Jan '09
Wild-Wool unveiled a new line of products that redefine practical eco-luxury--soft and warm scarves, throws, gloves, etc. made from merino wool spun with the fur of a non-native small furry animal that is ravaging New Zealand's countryside.

The silky, soft and warm Paihamu fiber is spun with locally raised merino wool to make a washable, no pill cashmere-like fabric that is softer, warmer and lighter than plain wool. “It is affordable, keeps you wonderfully warm and is a creative way to solve an invasive species problem,” states Chrys Hutchings, the owner of Wild-Wool. She adds, “I think of this as a way to let New Zealand's pest become its pride.” Hutchings notes that Wild-Wool is 100% sourced and manufactured in New Zealand and is 100% natural fiber.

Paihamu was first brought to New Zealand from Australia to establish a fur trade in the 1800s, but its population spiraled out of control to an estimated 70 million, outnumbering New Zealanders 17 to 1. Paihamu occupy over 99% of the country and nightly consume 20,000 tons of vegetation—enough to fill a container ship every day. Once referred to as Australian Brushtail possum, the industry is returning to the Maori word Paihamu to avoid confusion with the American possum (which is a different species, looks different and lacks the silky and warm fur quality).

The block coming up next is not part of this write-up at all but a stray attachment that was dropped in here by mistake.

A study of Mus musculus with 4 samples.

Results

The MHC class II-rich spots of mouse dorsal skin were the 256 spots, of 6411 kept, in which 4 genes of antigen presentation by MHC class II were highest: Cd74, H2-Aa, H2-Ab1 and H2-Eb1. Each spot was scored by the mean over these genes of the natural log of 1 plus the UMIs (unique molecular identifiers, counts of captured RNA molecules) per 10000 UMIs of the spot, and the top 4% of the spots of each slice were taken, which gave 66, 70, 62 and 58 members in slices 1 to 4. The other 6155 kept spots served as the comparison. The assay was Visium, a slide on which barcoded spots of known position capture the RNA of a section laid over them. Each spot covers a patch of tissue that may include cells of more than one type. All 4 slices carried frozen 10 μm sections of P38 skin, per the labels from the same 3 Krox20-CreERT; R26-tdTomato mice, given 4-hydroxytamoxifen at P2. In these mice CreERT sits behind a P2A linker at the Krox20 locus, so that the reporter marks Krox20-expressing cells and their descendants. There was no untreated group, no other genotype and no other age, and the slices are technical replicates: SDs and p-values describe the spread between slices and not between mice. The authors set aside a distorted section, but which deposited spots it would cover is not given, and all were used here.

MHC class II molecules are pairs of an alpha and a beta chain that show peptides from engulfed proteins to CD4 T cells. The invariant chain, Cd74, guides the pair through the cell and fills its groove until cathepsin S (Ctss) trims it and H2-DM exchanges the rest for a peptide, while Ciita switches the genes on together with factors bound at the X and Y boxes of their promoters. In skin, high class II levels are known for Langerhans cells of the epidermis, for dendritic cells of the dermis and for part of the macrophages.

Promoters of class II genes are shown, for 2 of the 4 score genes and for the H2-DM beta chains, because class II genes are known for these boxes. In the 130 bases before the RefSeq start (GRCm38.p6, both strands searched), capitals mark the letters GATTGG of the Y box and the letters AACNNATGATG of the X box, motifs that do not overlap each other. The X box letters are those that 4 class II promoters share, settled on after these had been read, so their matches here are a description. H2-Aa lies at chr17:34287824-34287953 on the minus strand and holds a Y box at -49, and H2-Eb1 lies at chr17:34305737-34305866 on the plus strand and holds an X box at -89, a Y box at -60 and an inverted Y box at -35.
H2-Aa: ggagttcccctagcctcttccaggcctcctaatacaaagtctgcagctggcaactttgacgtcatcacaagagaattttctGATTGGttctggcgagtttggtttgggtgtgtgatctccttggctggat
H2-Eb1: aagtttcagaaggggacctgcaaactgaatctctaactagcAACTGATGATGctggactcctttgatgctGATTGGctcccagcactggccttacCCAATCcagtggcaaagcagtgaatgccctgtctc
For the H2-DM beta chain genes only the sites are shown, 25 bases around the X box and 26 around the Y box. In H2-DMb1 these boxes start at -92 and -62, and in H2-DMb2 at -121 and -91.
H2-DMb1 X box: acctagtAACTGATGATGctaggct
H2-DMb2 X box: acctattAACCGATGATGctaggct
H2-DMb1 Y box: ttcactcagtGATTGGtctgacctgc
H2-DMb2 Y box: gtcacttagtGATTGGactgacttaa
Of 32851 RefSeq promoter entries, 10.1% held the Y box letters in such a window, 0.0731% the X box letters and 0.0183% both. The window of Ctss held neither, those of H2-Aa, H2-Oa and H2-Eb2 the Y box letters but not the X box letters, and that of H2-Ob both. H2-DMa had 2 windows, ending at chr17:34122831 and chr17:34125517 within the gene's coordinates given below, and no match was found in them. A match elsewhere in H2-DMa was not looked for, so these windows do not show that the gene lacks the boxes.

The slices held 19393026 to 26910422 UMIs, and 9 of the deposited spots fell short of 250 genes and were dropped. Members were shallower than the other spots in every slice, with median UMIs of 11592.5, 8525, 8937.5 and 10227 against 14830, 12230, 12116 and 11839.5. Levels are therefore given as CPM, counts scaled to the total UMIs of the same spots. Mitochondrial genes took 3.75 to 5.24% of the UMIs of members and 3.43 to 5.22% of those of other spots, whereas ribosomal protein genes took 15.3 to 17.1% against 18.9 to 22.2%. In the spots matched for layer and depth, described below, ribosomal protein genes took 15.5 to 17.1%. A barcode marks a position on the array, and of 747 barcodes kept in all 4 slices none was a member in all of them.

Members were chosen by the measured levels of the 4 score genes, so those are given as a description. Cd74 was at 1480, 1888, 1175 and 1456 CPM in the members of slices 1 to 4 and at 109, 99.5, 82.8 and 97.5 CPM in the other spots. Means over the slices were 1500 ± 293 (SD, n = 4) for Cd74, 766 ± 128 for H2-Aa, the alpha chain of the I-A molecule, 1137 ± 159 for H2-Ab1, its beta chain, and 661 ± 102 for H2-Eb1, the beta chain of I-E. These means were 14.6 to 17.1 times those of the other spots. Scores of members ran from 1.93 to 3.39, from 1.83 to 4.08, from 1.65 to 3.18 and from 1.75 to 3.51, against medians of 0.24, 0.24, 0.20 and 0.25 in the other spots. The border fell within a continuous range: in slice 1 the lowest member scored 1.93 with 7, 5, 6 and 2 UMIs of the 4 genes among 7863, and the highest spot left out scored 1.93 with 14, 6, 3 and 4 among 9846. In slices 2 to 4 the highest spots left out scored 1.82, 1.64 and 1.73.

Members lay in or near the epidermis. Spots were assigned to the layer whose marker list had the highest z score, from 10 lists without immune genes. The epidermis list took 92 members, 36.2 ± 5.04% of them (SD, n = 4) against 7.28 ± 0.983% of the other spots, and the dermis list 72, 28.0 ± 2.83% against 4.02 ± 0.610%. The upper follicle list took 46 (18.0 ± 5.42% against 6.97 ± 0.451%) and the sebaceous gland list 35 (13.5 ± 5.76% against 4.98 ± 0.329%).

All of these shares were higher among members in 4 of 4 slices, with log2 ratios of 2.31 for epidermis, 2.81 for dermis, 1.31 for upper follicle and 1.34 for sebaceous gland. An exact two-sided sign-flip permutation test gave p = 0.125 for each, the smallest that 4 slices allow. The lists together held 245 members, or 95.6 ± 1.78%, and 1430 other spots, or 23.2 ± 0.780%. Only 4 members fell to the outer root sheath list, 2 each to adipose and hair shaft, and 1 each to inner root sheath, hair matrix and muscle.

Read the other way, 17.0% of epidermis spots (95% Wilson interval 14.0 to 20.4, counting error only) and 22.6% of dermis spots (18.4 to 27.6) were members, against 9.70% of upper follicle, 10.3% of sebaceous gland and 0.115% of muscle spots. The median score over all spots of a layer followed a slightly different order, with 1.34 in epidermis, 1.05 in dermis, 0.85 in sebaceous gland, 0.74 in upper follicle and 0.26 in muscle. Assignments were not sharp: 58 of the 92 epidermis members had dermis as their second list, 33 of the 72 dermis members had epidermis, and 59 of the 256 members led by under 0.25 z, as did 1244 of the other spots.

Native flora and fauna are threatened with extinction as a result of the Paihamu's destructive habits. “They're probably the number one threat to our native species, to the birds and the native forest plants of New Zealand,” says Helen Bain, spokeswoman for New Zealand's Royal Forest and Bird Protection Society. All fur used in Wild-Wool products is humanely collected (and not farmed), which bolsters employment in rural areas. The only other eradication method is inhumane, wasteful and potentially toxic environmentally.

Hutchings adds: “The interesting part of this retail journey is to learn that all the eco-friendly reasons aside, people buy it because it is gorgeous, soft, affordable and truly keeps one warm. Most people do not buy fashion for purely ecological reasons, they buy because it is a good value, practical and looks great on them.